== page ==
U.S. women’s cross-country skiing team barely misses medal in world champs relay


A relay medal continues to be elusive for the U.S. women’s cross-country skiing team.

Hailey Swirbul, Sadie Maubet Bjornsen, Rosie Brennan and Jessie Diggins took fourth in the world championships, missing bronze by eight tenths of a second in Oberstdorf, Germany, on Thursday.

Diggins, who famously won the final sprint of the team sprint in PyeongChang in 2018 for the U.S.’ first-ever Olympic title, was overtaken by Finnish veteran Krista Parmakoski late on anchor after skiing right in front of Parmakoski for much of the leg.

“I played the only card I had, and I knew I had to ski twice as hard as the girls that were with us, and I did my absolute damndest to drop them in the only place I thought I could, and I am really proud of that effort,” Diggins said, according to U.S. Ski and Snowboard. “It’s heartbreaking to come that close to a medal and know that fitness-wise, we are so there, and that is what is really encouraging because that is the only part that we can really control is that coming into world championships knowing that our fitness is there, our minds are there, our tactics are there, and most importantly, that we are gritty enough.”

Norway took gold by 26.6 seconds over Russia.

The U.S. was in eighth place after the 22-year-old rookie Swirbul’s first leg. The two-time Olympian Maubet Bjornsen brought the Americans back to fourth after the second classic leg.

Brennan, a 2018 Olympian who did not make the relay quartet in PyeongChang, was in third for much of the third leg before dropping to fifth at the handoff but close to Germany and Finland.

Diggins, the World Cup overall leader having a dream season on that circuit, set the pace on anchor. She put away Germany but could not drop the 30-year-old Parmakoski, who has anchored Finland to relay medals at the Olympics and worlds dating to 2011.

In 2005 at worlds in Oberstdorf, the U.S. fell behind, was about to get lapped and was pulled out of the race before the anchor leg. It was rock bottom for the program.

The following season, the U.S. Ski Team decided to name zero women to its national team, devoting the funding to the men.

Led by Kikkan Randall, the U.S. women spent the next decade-plus climbing. Randall, now retired, and Diggins reached the top in the 2018 PyeongChang Olympics team sprint.

A relay medal, the true sign of a program’s depth, has yet to come. The Americans took fourth at the world championships in 2013, 2015 and 2017, and fifth at the 2018 Olympics and 2019 Worlds.

“For about six championships in a row, we knew it was possible if we had all the ducks lined up, but part of the game is getting those ducks lined up, and that is why we keep coming back and fighting,” Maubet Bjornsen said, according to U.S. Ski and Snowboard.

Worlds continue Friday with the men’s relay, live on Olympic Channel: Home of Team USA. A full TV and live stream schedule is here.


Derrick Mein

Tokyo Olympian Derrick Mein became the first U.S. male shooter to win a world title in the trap event since 1966, prevailing at the world shotgun championships in Osijek, Croatia, on Wednesday.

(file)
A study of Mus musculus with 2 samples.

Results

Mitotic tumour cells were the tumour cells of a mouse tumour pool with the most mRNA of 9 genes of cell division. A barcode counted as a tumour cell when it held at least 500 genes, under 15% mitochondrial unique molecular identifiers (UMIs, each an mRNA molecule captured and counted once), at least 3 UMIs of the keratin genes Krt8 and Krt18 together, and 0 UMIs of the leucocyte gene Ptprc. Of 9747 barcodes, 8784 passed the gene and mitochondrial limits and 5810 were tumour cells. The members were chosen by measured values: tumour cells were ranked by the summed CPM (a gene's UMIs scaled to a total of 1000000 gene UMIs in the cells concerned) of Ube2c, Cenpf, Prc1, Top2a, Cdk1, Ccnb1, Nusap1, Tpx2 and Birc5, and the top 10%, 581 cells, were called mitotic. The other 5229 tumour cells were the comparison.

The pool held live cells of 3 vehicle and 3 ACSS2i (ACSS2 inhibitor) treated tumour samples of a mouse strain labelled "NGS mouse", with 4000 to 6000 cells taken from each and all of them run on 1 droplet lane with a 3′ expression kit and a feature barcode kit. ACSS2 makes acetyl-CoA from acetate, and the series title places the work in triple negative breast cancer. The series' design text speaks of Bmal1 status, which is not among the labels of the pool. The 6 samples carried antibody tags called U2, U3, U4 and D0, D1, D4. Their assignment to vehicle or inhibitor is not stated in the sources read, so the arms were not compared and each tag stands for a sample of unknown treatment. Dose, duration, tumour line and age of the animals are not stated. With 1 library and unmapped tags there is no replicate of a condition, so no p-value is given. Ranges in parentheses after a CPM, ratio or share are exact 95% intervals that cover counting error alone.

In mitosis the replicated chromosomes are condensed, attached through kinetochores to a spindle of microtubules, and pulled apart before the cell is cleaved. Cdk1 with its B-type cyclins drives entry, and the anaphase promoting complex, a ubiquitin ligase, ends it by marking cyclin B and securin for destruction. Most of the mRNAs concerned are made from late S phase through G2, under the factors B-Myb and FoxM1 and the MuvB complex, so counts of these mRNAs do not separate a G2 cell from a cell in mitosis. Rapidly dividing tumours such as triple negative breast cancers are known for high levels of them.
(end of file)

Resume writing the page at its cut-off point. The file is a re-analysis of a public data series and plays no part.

Mein, who grew up on a small farm in Southeast Kansas, hunting deer and quail, nearly squandered a place in the final when he missed his last three shots in the semifinal round after hitting his first 22. He rallied in a sudden-death shoot-off for the last spot in the final by hitting all five of his targets.

He hit 33 of 34 targets in the final to win by two over Brit Nathan Hales with one round to spare.

The last U.S. man to win an Olympic trap title was Donald Haldeman in 1976.

Mein, 37, was 24th in his Olympic debut in Tokyo (and placed 13th with Kayle Browning in the mixed-gender team event).

The U.S. swept the Tokyo golds in the other shotgun event — skeet — with Vincent Hancock and Amber English. Browning took silver in women’s trap.


Mo Farah

British track legend Mo Farah withdrew before Sunday’s London Marathon, citing a right hip injury before what would have been his first 26.2-mile race in nearly two years.

Farah, who swept the 2012 and 2016 Olympic track titles at 5000m and 10,000m, said he hoped “to be back out there” next April, when the London Marathon returns to its traditional month after COVID moved it to the fall for three consecutive years. Farah turns 40 on March 23.

“I’ve been training really hard over the past few months and I’d got myself back into good shape and was feeling pretty optimistic about being able to put in a good performance,” in London, Farah said in a press release. “However, over the past 10 days I’ve been feeling pain and tightness in my right hip. I’ve had extensive physio and treatment and done everything I can to be on the start line, but it hasn’t improved enough to compete on Sunday.”

Farah switched from the track to the marathon after the 2017 World Championships and won the 2018 Chicago Marathon in a then-European record time of 2:05:11. Belgium’s Bashir Abdi now holds the record at 2:03:36.

Farah returned to the track in a failed bid to qualify for the Tokyo Olympics, then shifted back to the roads.

Sunday’s London Marathon men’s race is headlined by Ethiopians Kenenisa Bekele and Birhanu Legese, the second- and third-fastest marathoners in history.